By: Chris Hogan MSc - Updated: 4 Dec 2010 | comments*Discuss
 
Speech Business Humour Funny Joke Story

Using humour in a business speech is something that many speakers advise against but there's no reason not to use it as long as it's done in the right way. The context must be right; no-one is going to be impressed with humour at a speech announcing redundancies or other bad news.

Also the content has to be relevant, the joke or story must link to the message of your speech. The audience has to be one where you are fairly sure you can get away with a bit of levity too. And above all, the joke should not be offensive in the slightest.

Opening a Business Speech with a Joke

There's no rule that you must start a business speech with a joke but it can work well sometimes. In this case you can drop the relevancy to some extent as the point of the joke is to relax the audience and make them more receptive. You can even be overt about this, continuing into the speech by saying "now that we're all loosened up, let's get cracking" or something along those lines.

However, remember that the start of your speech is one of the points where you will make a lasting impression and you don't want that to be a bad one. So consider the topic and, most importantly, the audience, before deciding to start a speech with some humour.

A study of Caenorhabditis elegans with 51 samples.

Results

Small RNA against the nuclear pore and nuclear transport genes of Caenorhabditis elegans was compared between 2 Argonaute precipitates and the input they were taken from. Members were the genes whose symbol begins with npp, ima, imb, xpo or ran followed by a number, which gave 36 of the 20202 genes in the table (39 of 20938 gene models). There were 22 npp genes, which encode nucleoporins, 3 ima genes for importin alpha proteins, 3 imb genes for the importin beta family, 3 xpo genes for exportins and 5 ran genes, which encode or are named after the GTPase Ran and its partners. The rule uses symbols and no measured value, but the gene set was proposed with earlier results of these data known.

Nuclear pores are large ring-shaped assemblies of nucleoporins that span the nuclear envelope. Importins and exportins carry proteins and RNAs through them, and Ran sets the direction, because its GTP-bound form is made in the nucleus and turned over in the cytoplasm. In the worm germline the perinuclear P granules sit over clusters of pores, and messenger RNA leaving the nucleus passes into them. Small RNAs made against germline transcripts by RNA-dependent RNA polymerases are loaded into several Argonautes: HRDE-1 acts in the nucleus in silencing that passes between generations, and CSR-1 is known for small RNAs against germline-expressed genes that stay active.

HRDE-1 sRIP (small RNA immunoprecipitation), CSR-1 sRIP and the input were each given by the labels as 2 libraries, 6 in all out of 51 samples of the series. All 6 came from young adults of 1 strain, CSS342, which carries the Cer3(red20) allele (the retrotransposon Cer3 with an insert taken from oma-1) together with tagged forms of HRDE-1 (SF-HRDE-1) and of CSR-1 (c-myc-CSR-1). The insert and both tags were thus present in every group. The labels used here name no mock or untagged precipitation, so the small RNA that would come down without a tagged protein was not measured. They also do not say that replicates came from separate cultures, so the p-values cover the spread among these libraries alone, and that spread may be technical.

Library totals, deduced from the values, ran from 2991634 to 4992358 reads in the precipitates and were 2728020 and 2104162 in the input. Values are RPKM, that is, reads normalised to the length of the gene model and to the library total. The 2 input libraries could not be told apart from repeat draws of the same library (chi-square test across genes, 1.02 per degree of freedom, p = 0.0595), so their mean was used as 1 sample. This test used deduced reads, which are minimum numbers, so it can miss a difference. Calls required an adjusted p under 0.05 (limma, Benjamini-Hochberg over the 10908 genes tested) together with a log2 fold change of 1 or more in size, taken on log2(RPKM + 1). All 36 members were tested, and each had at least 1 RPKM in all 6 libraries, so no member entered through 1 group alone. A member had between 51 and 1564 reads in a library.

Working Humour into the Speech

Putting the starter joke to one side, the best approach for humour within a speech is to make it self-deprecating. This has the double advantage of getting the audience together and on your side, and of making sure that you don't offend anyone else, so you or your industry are the target.

Don't worry too much if you don't get business audiences laughing out loud. This isn't easy, even for experienced comics, and relies on the audience being in the right mood. This is why professional comic acts and TV shows have warm-up acts. As long as you get a bit of a grin and some knowing nods then you'll have done enough.

Resist the temptation to warn the audience that a joke or funny story is on the way as well. Much of the funny part of jokes and stories relies on the listeners not knowing what to expect. And if you tell people something funny is on the way and it falls flat you'll find it far harder to skim over it and carry on.

Humour can be Visual

Finally, remember that humour doesn't have to be verbal. One of the most memorable speeches at a local business breakfast club was one where a lawyer spoke about new initiatives at their firm. The lawyer introduced each of the sections of his talk with presentation slides with well known jokes and cartoons about lawyers.

It didn’t matter that they weren't new, since they raised a groan if not a laugh. And because they were about lawyers, no-one could be offended. This followed all the guidelines set out above and resulted in a well received speech that entertained as well as informed.